As New York enters Phase 2 of reopening following COVID-19 closures, retail stores will once again begin opening their doors. Throughout Manhattan, retailers boarded up their storefronts in an effort to ward off vandals and looters.
While there’s something so ugly about plywood-covered windows, New York’s creative community over the past two months have found a way to turn lemons into lemonade by covering the boards with art.
Daphnee Chapoteau has been documenting the efforts of creatives, who have turned SoHo ‘s sidewalks into a living and breathing street art gallery. Captured earlier this week, the art reflects the ongoing fight for justice in the murders of George Floyd, Breonna Taylor and many more at the hands of the police.
Given the neighborhood’s history, the street art covering boarded up buildings is more than apropos. During the United State’s colonial period, the land that makes up SoHo was part of a grant of farmland given to freed slaves of the Dutch West Indies Company, and the site of the first free Black settlement on Manhattan island.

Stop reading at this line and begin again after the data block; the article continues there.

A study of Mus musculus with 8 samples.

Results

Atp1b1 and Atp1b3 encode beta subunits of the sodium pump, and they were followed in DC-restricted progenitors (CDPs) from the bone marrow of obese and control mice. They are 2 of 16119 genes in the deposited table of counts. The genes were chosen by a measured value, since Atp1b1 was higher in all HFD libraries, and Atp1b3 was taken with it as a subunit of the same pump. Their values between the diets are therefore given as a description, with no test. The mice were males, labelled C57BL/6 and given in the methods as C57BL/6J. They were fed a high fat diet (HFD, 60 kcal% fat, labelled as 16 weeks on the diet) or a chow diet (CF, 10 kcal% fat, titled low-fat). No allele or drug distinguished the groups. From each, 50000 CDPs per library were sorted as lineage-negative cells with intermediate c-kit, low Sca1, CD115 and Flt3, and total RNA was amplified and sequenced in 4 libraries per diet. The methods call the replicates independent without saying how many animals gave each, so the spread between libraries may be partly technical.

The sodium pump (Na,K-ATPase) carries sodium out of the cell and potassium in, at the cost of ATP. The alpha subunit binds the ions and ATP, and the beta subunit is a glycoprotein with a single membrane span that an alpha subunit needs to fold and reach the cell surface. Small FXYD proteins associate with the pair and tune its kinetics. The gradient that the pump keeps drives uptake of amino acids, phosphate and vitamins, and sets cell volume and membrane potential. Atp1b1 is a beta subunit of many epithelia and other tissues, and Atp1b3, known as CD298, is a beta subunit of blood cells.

In the mid 19th century, the area was developed by commercial and residential realtors and became known as a center for shopping and theater. The side streets attracted multiple brothels, which ultimately spurred residents to leave the neighborhood. Following the Civil War and the Panic of 1873, large manufacturers began to move into the area, especially textile firms,
During the ’60s, as factory owners began to move their operations to lower-cost locations in the south, artists including Chuck Close, Nam Jun Paik, Richard Serra and Donald Judd were drawn in by the abandoned spaces offering spacious, window-filled buildings for little or low rents.
In the years to follow, those same pioneers have fought a series of battles with the City over SoHo zoning laws as well as rents with mixed success.
While SoHo still exudes plenty of creative energy, in 2020 it’s mainly known as a place to shop and eat. However momentarily, it’s a joyful sight to see the City’s creative pay homage to SoHo’s black and artistic roots.
Check out some of the transformed store fronts below. All photos by Daphnee Chapoteau for Snobette.